After a year notable for the extraordinary, in weather and in much else, November has rolled around once more. Knitting History Forum’s unique annual conference and AGM for 2018 was held last Saturday. The day’s proceedings informed, amused and intrigued.
The conference itself was packed with more papers than at any previous KHF event. Six very different but equally eloquent speakers presented. Our Chair Prof Sandy Black opened proceedings, then Annemor SundbĂ¸ opened an apparently unremarkable suitcase to reveal a wonderful selection of knitted garments she had rescued from destruction.
These treasures, ranging from the strictly utilitarian and functional to highly decorative expressions of love, form a record of Norwegian knitting traditions and dress history, many with signs of multiple repairs and multiple lives, such as cardigans and jumpers turned into underwear or swimming costumes.
Celia Pym’s paper followed on directly from this, beginning with a jumper from Annemor’s ‘ragpile’ that Celia had visibly darned in white wool and going on to deeply moving accounts of repair work, including two well-loved jumpers, one belonging to her family GP Bill, and the second to Celia’s great-uncle Roly, which involved adding to her great-aunt Elizabeth’s sturdy and very individual darning.
Rachael Matthews discussed her work as textile artist, writer, teacher and activist with refreshing honesty. Her paper took the form of an humourous but candid alternative to her recent book, expressing knitters’ struggles and low points illustrated by examples from Rachael’s own practice and experience and observing truthfully how knitting can divide as well as unite.
After a short break, the conference resumed with Cary Karp speaking on the use in Great Britain of hooked-tip knitting needles, the distinction from and adoption of crochet hooks and the terminology and structure of the different techniques. His precise and incisive paper, tracing this history through the published work of nineteenth-century knitting writers, was a model of clarity. Jana Trepte’s well-received paper examined the fragments recovered in Bremen of everyday knitted garments of the early seventeenth century and concentrated on one large piece from a knitted wool waistcoat with knitted-in shaping, comparing it to surviving examples of elite waistcoats of silk and wool.
Ellie Reed’s paper presented an evaluation of the target readership of ‘Woman’s Weekly’ in 1958. Her analysis of the social and cultural significance of ‘ordinary’ domestic knitting as presented in the magazine was confirmed and expanded by the memories of several delegates. Both this and the final presentation by Lorna Hamilton-Brown underlined the importance of collecting oral history from living knitters of all backgrounds. Lorna’s paper on black knitters was both revelatory and entertaining, enlivened by a brilliant video, ‘Knitters of the Caribbean’. Securing funding for further, doctoral research is vital. The memories Lorna collected from older generations of black knitters in the Caribbean showed similarities to otherwise very different geographical and cultural knitting traditions, such as knitting needles made from palm leaves, a practice also found in Malaysia, or more expensive metal bicycle spokes, still frequently used in Peru.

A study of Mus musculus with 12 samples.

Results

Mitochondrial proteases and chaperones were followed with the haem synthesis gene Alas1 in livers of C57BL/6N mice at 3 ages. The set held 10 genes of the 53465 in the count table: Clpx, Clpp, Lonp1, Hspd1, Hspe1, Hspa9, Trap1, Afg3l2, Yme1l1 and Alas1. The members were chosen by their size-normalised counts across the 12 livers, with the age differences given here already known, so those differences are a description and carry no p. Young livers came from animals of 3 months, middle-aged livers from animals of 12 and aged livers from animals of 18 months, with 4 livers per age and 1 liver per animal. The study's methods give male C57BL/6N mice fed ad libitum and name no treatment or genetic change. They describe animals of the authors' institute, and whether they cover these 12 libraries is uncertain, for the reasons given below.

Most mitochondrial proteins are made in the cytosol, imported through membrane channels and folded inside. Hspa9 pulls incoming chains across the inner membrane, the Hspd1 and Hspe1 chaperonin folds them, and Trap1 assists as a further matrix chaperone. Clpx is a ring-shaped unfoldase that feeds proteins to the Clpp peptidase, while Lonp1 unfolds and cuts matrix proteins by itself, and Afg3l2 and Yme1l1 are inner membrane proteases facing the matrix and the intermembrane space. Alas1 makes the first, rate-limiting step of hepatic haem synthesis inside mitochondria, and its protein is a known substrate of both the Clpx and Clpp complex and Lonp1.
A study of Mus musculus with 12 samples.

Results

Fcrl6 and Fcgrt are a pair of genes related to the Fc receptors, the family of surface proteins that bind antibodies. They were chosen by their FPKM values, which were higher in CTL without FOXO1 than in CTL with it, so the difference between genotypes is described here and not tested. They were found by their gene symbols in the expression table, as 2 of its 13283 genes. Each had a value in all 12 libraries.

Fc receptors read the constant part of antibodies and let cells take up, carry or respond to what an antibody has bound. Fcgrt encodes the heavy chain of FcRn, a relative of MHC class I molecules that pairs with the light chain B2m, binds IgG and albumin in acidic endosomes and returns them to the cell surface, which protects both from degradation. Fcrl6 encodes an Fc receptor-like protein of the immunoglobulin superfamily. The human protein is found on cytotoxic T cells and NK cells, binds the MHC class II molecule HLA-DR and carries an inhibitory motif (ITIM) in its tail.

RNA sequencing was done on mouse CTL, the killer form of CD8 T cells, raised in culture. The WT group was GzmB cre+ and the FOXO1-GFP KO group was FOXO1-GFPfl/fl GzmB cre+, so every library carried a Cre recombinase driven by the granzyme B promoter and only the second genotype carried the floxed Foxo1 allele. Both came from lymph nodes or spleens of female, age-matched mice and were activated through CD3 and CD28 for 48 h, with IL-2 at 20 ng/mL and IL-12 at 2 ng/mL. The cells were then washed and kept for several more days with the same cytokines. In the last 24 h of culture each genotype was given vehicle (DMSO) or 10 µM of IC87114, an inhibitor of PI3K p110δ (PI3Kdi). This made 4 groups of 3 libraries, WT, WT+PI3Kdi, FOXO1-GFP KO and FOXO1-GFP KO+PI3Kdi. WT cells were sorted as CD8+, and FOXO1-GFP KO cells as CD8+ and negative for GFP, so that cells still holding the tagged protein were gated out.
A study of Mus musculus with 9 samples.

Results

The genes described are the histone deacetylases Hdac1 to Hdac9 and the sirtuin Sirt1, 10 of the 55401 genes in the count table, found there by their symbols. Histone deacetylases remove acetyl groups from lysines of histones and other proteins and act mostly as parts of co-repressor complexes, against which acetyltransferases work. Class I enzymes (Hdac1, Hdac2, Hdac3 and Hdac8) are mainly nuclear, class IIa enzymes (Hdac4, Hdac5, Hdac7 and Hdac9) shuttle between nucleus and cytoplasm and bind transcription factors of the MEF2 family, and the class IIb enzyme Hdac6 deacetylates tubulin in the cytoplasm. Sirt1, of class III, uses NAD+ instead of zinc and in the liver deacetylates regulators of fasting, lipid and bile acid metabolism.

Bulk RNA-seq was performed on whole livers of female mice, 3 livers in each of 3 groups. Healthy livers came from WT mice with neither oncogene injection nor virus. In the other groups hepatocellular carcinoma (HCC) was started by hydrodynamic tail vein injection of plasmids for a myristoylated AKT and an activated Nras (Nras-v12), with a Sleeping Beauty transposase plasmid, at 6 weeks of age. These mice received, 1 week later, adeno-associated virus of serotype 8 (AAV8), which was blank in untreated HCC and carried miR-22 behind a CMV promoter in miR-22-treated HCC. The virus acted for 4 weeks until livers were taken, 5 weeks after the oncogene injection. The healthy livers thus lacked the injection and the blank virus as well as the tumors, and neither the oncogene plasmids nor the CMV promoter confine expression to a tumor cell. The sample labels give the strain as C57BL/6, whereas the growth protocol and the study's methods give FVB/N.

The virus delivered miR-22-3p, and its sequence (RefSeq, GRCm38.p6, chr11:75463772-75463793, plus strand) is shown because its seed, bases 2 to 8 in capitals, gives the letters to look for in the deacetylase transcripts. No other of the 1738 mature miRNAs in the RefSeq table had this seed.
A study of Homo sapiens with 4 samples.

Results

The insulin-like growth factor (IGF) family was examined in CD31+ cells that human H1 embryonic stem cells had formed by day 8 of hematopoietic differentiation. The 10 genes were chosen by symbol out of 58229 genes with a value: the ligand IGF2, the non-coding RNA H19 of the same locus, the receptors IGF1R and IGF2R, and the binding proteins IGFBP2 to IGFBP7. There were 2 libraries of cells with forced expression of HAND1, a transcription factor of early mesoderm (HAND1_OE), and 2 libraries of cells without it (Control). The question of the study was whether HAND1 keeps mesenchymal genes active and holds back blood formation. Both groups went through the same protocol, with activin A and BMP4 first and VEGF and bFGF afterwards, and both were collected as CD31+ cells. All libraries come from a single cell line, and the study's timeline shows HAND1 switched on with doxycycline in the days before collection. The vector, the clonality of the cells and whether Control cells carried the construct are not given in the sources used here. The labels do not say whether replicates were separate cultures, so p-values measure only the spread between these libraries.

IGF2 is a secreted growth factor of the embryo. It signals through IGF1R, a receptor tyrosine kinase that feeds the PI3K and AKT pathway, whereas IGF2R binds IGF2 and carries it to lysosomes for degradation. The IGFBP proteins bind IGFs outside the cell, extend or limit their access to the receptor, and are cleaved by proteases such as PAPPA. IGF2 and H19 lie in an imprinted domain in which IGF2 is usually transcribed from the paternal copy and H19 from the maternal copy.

Sandy had loosely arranged the conference presentations around a theme of mending and repair. Other themes emerged during the course of the day, such as recovery of unexplored, hidden or unvalued histories of knitters and knitting; of moving beyond limits of tired tropes and preconceptions; of fresh methods and fields of research; of breaking new ground while re-considering and consolidating the old. One point certainly highlighted by all six presentations is that the ingenuity and resourcefulness of knitters, crafters and needleworkers everywhere is unbounded.
The KHF AGM in the morning was hopeful in outlook, with suggestions for future events and new ways for Knitting History Forum to participate in wider discussion and continue to build up networks of knitting history research. The display tables held an eclectic array of knitting-related items, including exquisite nineteenth-century garments and a stunning modern reproduction from the collection of Gieneke Arnolli; modern publications by Annemor SundbĂ¸, Rachael Matthews and Lise Warburg; nineteenth and twentieth-century knitting books brought by Joyce Meader from her extensive collection; new work by Philippa Thomas incorporating real gold, and much more.
Many thanks to all of our fantastic speakers for their papers, our delegates for stimulating discussion and to Sandy Black for arranging another really thought-provoking conference that could be enjoyed by scholars and knitters of all levels of interest. KHF Membership Secretary and Treasurer Tricia Basham deserves special thanks for valiantly joining us straight after a very long Knitting and Crochet Guild board meeting. It was wonderful to see friends old and new and see the results of some exceptional scholarship. Here’s to another excellent year of knitting history networking and research.